The Hongo campus of Japan’s most prestigious school, The University of Tokyo, is quite beautiful, as is the neighborhood surrounding it. Once the home of Edo era feudal lords, the Maeda Family, the campus still includes remnants of those bygone days. Today, let’s take a stroll around the campus, and visit some interesting spots in the area, as well.
Before visiting the campus, let’s drop by the small Hoshin-ji Temple and its monument to Meiji-Taisho era writer Ichiyo Higuchi. It is on the left side of Hongo Dori Street, between Hongo 3-chome and Hongo Yayoi. Ichiyo did not live a particularly happy life and she died from tuberculosis at the age of 24. Her struggles helped her develop a strong character and become a good writer, too. Her image has adorned the 5,000-yen bank note since 2004.
Now, let’s visit the campus. Walking toward Hongo Yayoi on Hongo Dori you can find a very big, old-fashioned, red gate on the right side of the street. This is the famous Akamon (Red Gate) of The University of Tokyo. There are many book shops on this street, as well as reasonable priced restaurants for students, too.
On campus, the Yasuda Koudo Lecture Hall is one you should visit, mainly for its history. It was here in 1968-69 that students engaged in hard fought battles with the police and authorities as students blockaded the hall and took control of it. Afterwards it was closed for a long period of time. It was an incident that I will never forget. Many students and protestors were arrested during the standoff. You can still see pot marks on the wall from the violence that took place.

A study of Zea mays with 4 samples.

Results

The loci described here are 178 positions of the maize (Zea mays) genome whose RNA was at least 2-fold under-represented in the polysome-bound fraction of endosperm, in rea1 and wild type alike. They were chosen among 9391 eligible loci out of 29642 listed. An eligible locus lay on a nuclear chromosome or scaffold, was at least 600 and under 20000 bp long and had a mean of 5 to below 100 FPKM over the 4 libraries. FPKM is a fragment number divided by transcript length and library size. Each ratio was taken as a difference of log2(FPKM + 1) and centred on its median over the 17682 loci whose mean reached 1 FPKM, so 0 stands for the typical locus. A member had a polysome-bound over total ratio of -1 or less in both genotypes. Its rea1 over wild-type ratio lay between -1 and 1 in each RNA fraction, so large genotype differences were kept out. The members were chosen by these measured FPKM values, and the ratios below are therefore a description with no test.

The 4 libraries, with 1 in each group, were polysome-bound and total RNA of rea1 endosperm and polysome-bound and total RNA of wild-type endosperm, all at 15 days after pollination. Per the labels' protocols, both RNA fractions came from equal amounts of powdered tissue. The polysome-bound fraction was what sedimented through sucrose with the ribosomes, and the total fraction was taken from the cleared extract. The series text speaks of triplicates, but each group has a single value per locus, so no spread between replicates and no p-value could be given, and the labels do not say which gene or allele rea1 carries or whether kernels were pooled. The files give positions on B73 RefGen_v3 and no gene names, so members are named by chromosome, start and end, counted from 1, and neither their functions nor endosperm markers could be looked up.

Also on the campus is the small and very peaceful Sanshiro Pond just beside the Yasuda Lecture Hall. There are many carp and birds playing here. And also some international students relaxing and chatting during their lunchtime. They might not know anything about what happened long ago at the Yasuda building. You can walk around this pond within 10 minutes or so.
As you continue your stroll through the campus, you will find many bronze statues of former professors and presidents of the university.
Now, let’s exit the campus by passing through the back gate, the Yayoi Gate.
Diagonally across from the gate, you can find the small Yumeji Museum. The museum includes a Taisho era-like café, the Minatoya Cafe. Admission is 900 yen for the museum. Yumeji painted many ennui and unique women who seem somehow very different from modern day women. All of the women in his paintings have soft lines and very thin shoulders. But their eyes are all strong, seeming to wish for their own happiness or a lover. These ladies are still in the corner of this museum and waiting and waiting and waiting… (Note: Yumeji Museum does not allow any photo to be taken inside the museum). Yumeji Museum: 2-4-2 Yayoi Bunkyo-ku Tokyo (website in Japanese)
After a 10 minute walk down Koto-toi Dori from the Museum we come to Nezu Shrine and Otome Inari Shrine together. They too are not big shrines, but very traditional. During the azalea season (late April-early May) they are very beautiful. Although Nezu Shrine is for the worship of a Shinto God, Otome Shrine is for the worship of the Goddess of Rice. By the way, you can find a very tiny but nice book store in front of this shrine’s main gate.